City council delves further into regional fire services proposals

Management analyst presents initial cost analysis of two proposals.

With the city of Mercer Island’s management analyst entering the picture, the city council received a preliminary cost analysis of a pair of regional fire services proposals at its June 6 special hybrid meeting.

The city’s potential adoption of a regional fire services model was last discussed at council’s May 2 meeting when proposals from the Bellevue Fire Department and Eastside Fire & Rescue (EF&R) were placed into the spotlight.

Since that meeting, City Manager Jessi Bon has met four times with the ad-hoc committee of Mayor Salim Nice and councilmembers Lisa Anderl and Craig Reynolds to review and evaluate the documents.

On June 6, management analyst Robbie Cunningham Adams kicked off the initial proposals discussion by rolling through the staff-prepared estimated costs for Bellevue and EF&R services compared to the estimated costs for a stand-alone Mercer Island Fire Department (MIFD) in 2024.

Bon said that following a discussion with council at the meeting, “I will be working on a recommendation to the city council on the adoption of a regional fire services model and I would bring that back to you at a future meeting.” No date has been solidified for that gathering.

On the MIFD front, estimated total expenses are about $8.5 million and include proposed personnel and operational expenses ($7.4 million), repair and maintenance of fire trucks and vehicles and aid cars if the EF&R interlocal agreement remains intact ($108,200), additional cost for a chief and deputy chief ($571,905) and more.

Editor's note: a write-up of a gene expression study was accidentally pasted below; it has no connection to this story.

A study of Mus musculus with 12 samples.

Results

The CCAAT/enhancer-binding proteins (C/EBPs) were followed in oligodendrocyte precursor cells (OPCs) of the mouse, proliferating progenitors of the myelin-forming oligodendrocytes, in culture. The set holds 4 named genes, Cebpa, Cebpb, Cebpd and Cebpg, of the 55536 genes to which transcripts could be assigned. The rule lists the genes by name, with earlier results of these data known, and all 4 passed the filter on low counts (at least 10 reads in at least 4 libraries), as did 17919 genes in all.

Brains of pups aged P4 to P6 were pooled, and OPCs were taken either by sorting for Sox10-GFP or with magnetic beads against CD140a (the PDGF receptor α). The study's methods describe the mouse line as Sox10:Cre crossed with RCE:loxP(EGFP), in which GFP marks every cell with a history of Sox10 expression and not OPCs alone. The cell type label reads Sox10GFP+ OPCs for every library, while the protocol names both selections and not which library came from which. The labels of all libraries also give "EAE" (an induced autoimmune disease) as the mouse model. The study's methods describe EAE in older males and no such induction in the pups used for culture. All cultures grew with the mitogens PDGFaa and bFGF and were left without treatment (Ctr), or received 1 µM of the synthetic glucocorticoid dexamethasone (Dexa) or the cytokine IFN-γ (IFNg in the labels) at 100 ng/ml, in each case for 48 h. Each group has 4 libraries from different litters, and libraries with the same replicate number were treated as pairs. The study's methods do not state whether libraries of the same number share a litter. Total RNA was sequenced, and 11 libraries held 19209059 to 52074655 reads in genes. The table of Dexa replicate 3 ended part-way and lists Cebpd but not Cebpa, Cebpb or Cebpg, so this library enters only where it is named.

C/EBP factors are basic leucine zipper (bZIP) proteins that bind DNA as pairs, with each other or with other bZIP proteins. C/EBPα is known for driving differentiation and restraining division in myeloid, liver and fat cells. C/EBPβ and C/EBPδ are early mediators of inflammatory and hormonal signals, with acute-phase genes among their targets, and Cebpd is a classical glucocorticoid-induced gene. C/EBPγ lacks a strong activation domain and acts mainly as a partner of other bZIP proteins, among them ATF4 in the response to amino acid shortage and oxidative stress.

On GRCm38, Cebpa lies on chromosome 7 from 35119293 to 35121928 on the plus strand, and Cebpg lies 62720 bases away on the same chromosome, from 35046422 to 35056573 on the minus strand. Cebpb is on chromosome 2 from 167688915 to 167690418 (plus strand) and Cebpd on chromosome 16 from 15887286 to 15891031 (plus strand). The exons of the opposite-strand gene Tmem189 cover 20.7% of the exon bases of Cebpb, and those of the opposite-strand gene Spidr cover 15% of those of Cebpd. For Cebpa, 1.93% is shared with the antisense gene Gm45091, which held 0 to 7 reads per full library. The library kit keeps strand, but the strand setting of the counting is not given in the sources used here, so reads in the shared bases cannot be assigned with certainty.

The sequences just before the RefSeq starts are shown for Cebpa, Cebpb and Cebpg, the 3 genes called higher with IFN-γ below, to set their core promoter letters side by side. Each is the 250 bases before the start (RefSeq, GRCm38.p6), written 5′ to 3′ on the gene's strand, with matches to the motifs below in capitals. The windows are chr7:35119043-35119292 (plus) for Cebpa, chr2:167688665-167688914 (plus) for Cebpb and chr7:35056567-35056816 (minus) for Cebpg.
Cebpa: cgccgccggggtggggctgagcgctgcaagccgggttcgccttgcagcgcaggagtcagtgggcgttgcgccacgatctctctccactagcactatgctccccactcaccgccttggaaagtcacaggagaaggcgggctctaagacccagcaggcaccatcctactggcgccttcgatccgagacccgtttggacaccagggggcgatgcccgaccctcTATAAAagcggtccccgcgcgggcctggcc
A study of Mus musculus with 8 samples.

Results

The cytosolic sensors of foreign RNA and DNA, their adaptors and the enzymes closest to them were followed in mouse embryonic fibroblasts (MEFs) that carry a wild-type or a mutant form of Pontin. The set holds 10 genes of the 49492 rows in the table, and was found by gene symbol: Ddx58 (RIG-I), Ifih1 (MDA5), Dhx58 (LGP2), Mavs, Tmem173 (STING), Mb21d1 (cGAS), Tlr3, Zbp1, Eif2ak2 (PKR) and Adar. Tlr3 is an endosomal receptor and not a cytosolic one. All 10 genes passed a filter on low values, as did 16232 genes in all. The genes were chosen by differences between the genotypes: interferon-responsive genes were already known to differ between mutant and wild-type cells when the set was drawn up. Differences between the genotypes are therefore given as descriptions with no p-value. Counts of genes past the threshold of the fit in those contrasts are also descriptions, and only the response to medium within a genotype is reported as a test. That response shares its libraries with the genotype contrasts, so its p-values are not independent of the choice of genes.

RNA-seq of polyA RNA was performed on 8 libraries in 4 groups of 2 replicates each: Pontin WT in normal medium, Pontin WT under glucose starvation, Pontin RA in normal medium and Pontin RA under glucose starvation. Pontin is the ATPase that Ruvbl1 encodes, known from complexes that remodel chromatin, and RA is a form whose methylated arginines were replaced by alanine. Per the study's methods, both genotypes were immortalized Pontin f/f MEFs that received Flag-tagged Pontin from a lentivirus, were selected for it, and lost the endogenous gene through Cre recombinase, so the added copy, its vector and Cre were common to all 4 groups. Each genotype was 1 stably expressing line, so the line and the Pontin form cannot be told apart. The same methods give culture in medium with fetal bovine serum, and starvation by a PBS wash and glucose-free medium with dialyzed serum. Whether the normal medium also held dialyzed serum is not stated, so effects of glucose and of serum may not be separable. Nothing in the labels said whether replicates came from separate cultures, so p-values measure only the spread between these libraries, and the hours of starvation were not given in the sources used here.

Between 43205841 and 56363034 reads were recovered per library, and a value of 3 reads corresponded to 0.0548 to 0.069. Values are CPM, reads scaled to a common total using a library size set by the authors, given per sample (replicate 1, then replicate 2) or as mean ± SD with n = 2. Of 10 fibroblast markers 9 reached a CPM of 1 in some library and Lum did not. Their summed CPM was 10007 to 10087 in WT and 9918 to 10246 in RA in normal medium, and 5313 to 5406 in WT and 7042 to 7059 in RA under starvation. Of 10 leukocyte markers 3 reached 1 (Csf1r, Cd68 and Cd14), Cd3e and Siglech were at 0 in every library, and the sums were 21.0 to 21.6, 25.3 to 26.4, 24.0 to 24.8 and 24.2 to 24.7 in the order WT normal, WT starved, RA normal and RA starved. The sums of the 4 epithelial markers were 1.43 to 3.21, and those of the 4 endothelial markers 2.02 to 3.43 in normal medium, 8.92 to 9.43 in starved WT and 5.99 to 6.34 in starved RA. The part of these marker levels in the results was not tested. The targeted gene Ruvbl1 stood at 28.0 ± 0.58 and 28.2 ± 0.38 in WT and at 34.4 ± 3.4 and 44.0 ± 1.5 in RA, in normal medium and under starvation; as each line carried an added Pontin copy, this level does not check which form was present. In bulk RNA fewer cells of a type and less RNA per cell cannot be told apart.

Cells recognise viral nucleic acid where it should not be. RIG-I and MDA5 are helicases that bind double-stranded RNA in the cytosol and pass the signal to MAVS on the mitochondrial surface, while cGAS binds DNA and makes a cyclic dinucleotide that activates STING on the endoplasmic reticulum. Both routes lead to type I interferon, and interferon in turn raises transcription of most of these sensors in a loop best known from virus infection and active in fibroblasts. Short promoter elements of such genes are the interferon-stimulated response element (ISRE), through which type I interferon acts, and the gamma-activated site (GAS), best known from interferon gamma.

Bellevue submitted its analysis in 2023 dollars, so Cunningham Adams arranged to use a 4% cost escalation to arrive at an estimated total expenses of around $7.9 million. Proposed personnel and operational expenses sit at $7.1 million and the chart also includes a 5% administrative fee of $355,454.

Over at EF&R, it unveiled an estimated total expenses amount of approximately $8.2 million, which includes proposed personnel and operational expenses of $7.1 million, a 10% administrative fee of $715,886, an equipment replacement fund of $114,000, a large fire apparatus replacement fund of $168,275 and more.

Bellevue’s one-time transition costs total around $1 million and include training, uniforms, benefit liability and more. At EF&R, its one-time transition costs total of about $1.2 million include a time accrual liability fund and costs to align critical safety equipment.

Bon said that some of the numbers could shift slightly as they delve into copious details on the proposals.

“I’m standing firm (that) our proposals include maintaining our current staffing levels, keeping our fire stations open and that safety will not be compromised. I certainly think if we join a regional services model that all those unique specialities and training that would come to our workforce would be an enhancement and would bring those services directly onto the Island,” added Bon, who thanked Mercer Island’s two partners and their staffs for putting immense effort into their proposals and “doing everything they can to help us.”

Following the issuance of Bon’s March 29 recommendation letter to the community to move toward a regional route, city council authorized and directed Bon at its April 4 meeting to seek proposals, according to a previous Reporter story. Bon announced at that meeting that she believes adopting a regional model “will provide opportunities for a more cohesive, efficient and cost-effective fire service on Mercer Island.”

If the transition occurs, both Island fire stations 91 and 92 would remain open and staffed and residents’ taxes would not be impacted, said Bon in a previous Reporter story, adding that safety remains the city’s top priority.